The huge African carnivorous dinosaur Spinosaurus has long been a source of fascination for palaeontologists with its unusual combination of crocodile-like snout and bony sail along its back. Recently, new specimens have fuelled the discussion over the ecology of this unusual animal and it’s less famous, but no less interesting British cousins including Baryonyx. So what were these animals up to, how did they live and what did they eat, could they swim and did they even fish?
The talk with feature dinosaur specimens from the speakers own collection, as well as a number of specimens loaned from the Natural History Museum.
This event is particularly suitable for ages 13+
This is a theatre event.
Please note that in line with Government guidance, it is a requirement to wear a face covering at all times when inside the Ri building, unless exempt. This includes the theatre.
We are also strongly encouraging everyone who visits the Ri to please:
- Have had a negative LFT result within the preceding 24 hours
About the speaker
Dr David Hone is a palaeontologist and writer whose research focuses on the behaviour and ecology of the dinosaurs and their flying relatives, the pterosaurs. His research is aimed at answering key questions about these animals and how they lived their lives in terms of their behaviour and ecology
David writes extensively online about palaeontology and science outreach, blog for the science pages of The Guardian, and has published a popular science book about tyrannosaurs with Bloomsbury, entitled the tyrannosaur chronicles. He is Senior Lecturer and Deputy Director of Education in the School of Biological and Behavioural Sciences at Queen Mary University London.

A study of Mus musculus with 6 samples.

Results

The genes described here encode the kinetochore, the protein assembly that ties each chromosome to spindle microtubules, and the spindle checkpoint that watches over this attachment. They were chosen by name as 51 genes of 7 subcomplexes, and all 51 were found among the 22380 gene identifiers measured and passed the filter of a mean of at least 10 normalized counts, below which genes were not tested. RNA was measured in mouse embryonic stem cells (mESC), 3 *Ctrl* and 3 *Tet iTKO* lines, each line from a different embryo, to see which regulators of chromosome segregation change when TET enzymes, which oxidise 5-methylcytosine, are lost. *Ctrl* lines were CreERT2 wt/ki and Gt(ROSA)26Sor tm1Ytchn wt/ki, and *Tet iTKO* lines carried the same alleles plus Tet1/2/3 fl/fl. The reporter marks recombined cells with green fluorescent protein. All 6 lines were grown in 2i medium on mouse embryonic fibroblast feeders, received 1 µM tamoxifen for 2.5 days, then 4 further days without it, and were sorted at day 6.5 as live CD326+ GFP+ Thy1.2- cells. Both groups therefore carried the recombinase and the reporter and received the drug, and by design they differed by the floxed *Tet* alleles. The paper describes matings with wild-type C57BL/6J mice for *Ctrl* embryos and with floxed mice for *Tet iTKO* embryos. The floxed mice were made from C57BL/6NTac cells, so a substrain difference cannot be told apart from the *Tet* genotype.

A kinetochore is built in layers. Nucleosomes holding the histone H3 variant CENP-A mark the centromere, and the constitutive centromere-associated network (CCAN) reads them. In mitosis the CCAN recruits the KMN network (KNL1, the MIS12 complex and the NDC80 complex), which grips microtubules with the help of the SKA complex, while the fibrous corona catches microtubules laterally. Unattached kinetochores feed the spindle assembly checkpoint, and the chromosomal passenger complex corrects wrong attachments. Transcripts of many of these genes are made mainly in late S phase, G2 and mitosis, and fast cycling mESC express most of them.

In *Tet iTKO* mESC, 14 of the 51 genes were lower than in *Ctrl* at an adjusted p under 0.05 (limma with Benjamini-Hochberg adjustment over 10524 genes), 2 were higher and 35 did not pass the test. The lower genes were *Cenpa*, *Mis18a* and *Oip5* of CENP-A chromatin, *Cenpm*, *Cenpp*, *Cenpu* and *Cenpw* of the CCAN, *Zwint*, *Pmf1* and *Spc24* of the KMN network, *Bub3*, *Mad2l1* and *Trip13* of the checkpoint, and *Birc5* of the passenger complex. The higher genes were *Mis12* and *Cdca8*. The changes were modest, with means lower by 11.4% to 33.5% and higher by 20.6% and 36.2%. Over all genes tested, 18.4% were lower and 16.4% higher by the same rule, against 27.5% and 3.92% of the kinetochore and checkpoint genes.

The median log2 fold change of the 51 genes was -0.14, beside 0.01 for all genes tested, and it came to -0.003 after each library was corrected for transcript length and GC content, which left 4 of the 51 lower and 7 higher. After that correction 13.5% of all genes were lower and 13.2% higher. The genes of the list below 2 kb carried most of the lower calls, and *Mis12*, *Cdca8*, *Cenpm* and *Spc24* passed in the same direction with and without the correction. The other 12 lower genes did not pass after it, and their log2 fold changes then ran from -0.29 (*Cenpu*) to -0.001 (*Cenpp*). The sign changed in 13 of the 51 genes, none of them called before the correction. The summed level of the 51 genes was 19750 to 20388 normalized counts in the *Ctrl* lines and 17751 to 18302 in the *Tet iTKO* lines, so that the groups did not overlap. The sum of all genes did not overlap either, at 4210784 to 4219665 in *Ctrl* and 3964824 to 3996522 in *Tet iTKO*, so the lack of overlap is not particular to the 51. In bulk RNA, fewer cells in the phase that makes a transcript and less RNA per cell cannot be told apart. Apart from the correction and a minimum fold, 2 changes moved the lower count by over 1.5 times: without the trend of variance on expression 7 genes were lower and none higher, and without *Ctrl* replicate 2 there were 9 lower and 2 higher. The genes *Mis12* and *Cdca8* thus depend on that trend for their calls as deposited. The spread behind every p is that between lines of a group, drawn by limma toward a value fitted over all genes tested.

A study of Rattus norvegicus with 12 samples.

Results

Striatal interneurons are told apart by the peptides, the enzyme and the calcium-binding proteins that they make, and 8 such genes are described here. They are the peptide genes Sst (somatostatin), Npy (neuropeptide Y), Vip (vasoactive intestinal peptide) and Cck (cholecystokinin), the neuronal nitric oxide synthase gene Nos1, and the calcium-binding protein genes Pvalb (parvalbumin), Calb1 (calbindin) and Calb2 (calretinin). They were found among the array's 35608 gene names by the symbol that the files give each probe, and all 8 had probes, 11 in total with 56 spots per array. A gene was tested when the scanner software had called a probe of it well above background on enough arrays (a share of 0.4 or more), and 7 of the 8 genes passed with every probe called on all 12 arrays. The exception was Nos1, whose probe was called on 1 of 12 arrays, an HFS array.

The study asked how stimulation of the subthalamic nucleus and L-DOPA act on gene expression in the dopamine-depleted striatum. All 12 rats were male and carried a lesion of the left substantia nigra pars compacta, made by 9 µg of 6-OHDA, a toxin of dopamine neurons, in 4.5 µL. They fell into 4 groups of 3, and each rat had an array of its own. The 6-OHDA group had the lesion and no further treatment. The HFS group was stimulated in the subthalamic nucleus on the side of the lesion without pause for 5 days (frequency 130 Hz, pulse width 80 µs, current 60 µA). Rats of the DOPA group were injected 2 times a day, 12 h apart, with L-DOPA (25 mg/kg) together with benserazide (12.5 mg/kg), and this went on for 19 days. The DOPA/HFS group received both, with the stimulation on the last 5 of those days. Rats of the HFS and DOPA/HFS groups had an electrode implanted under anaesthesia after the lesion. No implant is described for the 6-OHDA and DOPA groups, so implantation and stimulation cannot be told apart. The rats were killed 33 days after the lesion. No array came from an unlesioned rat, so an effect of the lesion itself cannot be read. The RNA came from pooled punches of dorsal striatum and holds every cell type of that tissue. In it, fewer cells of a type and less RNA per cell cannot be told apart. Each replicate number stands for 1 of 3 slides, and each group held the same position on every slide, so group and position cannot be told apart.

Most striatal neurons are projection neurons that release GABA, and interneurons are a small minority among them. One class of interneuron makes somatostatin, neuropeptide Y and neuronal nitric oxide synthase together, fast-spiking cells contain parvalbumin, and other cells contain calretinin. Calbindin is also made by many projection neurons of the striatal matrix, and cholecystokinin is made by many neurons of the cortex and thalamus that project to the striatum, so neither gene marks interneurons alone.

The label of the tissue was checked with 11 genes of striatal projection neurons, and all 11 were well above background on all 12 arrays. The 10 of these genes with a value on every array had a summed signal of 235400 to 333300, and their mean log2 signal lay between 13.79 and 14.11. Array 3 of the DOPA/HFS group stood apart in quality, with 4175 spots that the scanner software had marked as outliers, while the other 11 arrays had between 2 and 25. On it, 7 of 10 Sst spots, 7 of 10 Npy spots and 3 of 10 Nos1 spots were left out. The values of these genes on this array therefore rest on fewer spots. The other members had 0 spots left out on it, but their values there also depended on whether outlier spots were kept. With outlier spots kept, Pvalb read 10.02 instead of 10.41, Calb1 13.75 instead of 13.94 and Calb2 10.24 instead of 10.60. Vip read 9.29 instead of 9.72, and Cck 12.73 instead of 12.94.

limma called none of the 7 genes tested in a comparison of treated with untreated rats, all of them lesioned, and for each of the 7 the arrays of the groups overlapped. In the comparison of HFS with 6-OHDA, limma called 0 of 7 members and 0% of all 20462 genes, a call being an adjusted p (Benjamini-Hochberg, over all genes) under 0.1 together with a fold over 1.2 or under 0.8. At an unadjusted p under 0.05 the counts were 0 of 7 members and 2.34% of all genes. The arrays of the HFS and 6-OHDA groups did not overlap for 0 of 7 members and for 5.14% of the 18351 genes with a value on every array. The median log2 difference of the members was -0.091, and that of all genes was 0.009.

The doors will open at approximately 5.30pm, with a prompt start at 6.00pm. There will be time for questions after the talk.
This event will be filmed and on the Ri's YouTube channel within a few months. Subscribe for free to hear when new videos are released.
Our accessible public toilet is on the ground floor. The theatre is on the first floor and there is step-free access from the pavement, via a lift. There is space at floor level in the theatre for four wheelchair users.
The closest underground station is Green Park, which is step-free. If you arrive by taxi and need step free access, ask to be dropped off round the corner on New Bond street. Here the curb is level with the road and the pavement follows round to the entrance of the Ri.